Feature Article - July 2007

By Dana Carman


TRACK RIGHT

Cost factors into all of our decisions, so before building a new track or renovating an existing one, some preliminary work will help nail down that budget.

When facilities are interested in renovating an existing track, Don Paige, president and owner of track and field design firm Paige Design Group, suggests surveying the current track to confirm that it is currently in compliance with NCAA rules and regulations. Depending on the age of the facility, some geotechnical work should also be undertaken. This involves taking one to three feet of soil borings to check the quality, thickness and integrity of the sub-base. Over time, things under the track can change, such as asphalt falling apart or the water table rising. Knowing what's going on in around and under your current track will also help make the decision to renovate that track or build a new one.

Building a new one, though, isn't as easy as just picking a spot and running with it (no pun intended). Paige suggested a feasibility study in which a track and field professional can help the facility identify the best site for the new track.

"Site dictates so much of the cost," Paige said. "Once you identify the site, you can also identify the infrastructure that goes into and around the track."

At present, Paige has 29 track and field projects in the works, so he is very familiar with the ins and outs of building a new track—not only as a track designer, but also as an athlete. He was on the 1980 Olympic Team and is a six-time NCAA champion.

Paige pointed out that infrastructure can be a huge part of the project and therefore the cost. For example, if you're building bleachers, you need to build bathrooms. With bathrooms comes the need for sewers and water. If you're intending to have spectators, parking will be necessary and road access into that parking lot will also be needed.

"If the study is done properly," Paige said, "it will help track coaches and athletic directors think through all the ramifications of that site and provide a schematic and conceptual layout of the site. They should have the planner fully design the facility, five years, 10 years down the road. Draw it on there now because all of that infrastructure should be on there from the beginning."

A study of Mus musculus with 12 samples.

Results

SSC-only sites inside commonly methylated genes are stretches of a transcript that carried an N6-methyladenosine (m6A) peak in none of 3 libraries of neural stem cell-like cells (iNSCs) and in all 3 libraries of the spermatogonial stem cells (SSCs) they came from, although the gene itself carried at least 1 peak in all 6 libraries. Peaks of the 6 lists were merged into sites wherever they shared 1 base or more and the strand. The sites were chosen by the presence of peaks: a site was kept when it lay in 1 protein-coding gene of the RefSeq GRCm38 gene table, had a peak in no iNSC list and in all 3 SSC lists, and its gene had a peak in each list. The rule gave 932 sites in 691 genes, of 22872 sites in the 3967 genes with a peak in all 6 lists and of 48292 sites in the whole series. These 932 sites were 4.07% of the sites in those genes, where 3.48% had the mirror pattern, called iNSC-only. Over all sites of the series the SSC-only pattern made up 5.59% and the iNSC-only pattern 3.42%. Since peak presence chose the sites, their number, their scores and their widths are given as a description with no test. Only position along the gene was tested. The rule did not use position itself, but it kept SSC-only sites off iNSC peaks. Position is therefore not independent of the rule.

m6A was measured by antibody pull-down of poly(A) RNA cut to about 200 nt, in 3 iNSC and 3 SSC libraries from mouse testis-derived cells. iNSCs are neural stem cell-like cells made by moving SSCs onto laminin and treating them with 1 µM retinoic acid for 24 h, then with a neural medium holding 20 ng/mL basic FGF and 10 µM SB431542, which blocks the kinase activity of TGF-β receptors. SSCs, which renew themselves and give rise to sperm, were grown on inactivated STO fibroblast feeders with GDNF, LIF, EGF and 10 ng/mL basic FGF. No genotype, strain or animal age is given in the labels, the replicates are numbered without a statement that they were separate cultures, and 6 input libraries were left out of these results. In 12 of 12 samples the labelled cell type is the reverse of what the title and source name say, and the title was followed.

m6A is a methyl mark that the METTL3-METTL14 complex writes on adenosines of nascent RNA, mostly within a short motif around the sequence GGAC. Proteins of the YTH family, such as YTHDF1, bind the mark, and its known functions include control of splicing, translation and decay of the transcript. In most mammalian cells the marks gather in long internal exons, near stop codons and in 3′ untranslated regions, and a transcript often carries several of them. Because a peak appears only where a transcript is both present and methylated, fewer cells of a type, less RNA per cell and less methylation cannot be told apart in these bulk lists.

Along with that, the location of the field events should also be determined. The infield is an obvious choice, but in addition to field events, many facilities allow other sports to utilize the infield, such as football or soccer. The slope of that infield affects the throwing implements, and the size of the rectangular infield will help establish the radius of the track oval, which is why some may be wider or narrower than other tracks. The radius of the track oval isn't regulated by the NCAA—only the track distance, which must be 400 meters.

Once the initial planning is done, you can focus on what you want to see on the track. Gone are the cinder and asphalt-topped tracks of yesteryear, replaced with polyurethane and rubber products. A solid track surface should meet the International Association of Athletics Federations' (IAAF) standards for force reduction and friction (no potential slip), among other characteristics. The track should provide resilience so that it's not like running on concrete, but it's not like running on sand, either.

There are essentially two types of surfaces: polyurethane and rubber. There are then three basic systems of polyurethane products: basemat with structural spray, sandwich system and a full-pour polyurethane.

A basemat is made up of SBR rubber granules (made from ground-up rubber tires) laid down at about a half-inch of thickness and bound together by polyurethane. A pigmented structural spray is then applied on top in two applications: one clockwise and one counterclockwise. Last, the lines are painted down. This type of system can range from $25 to $30 per square yard installed.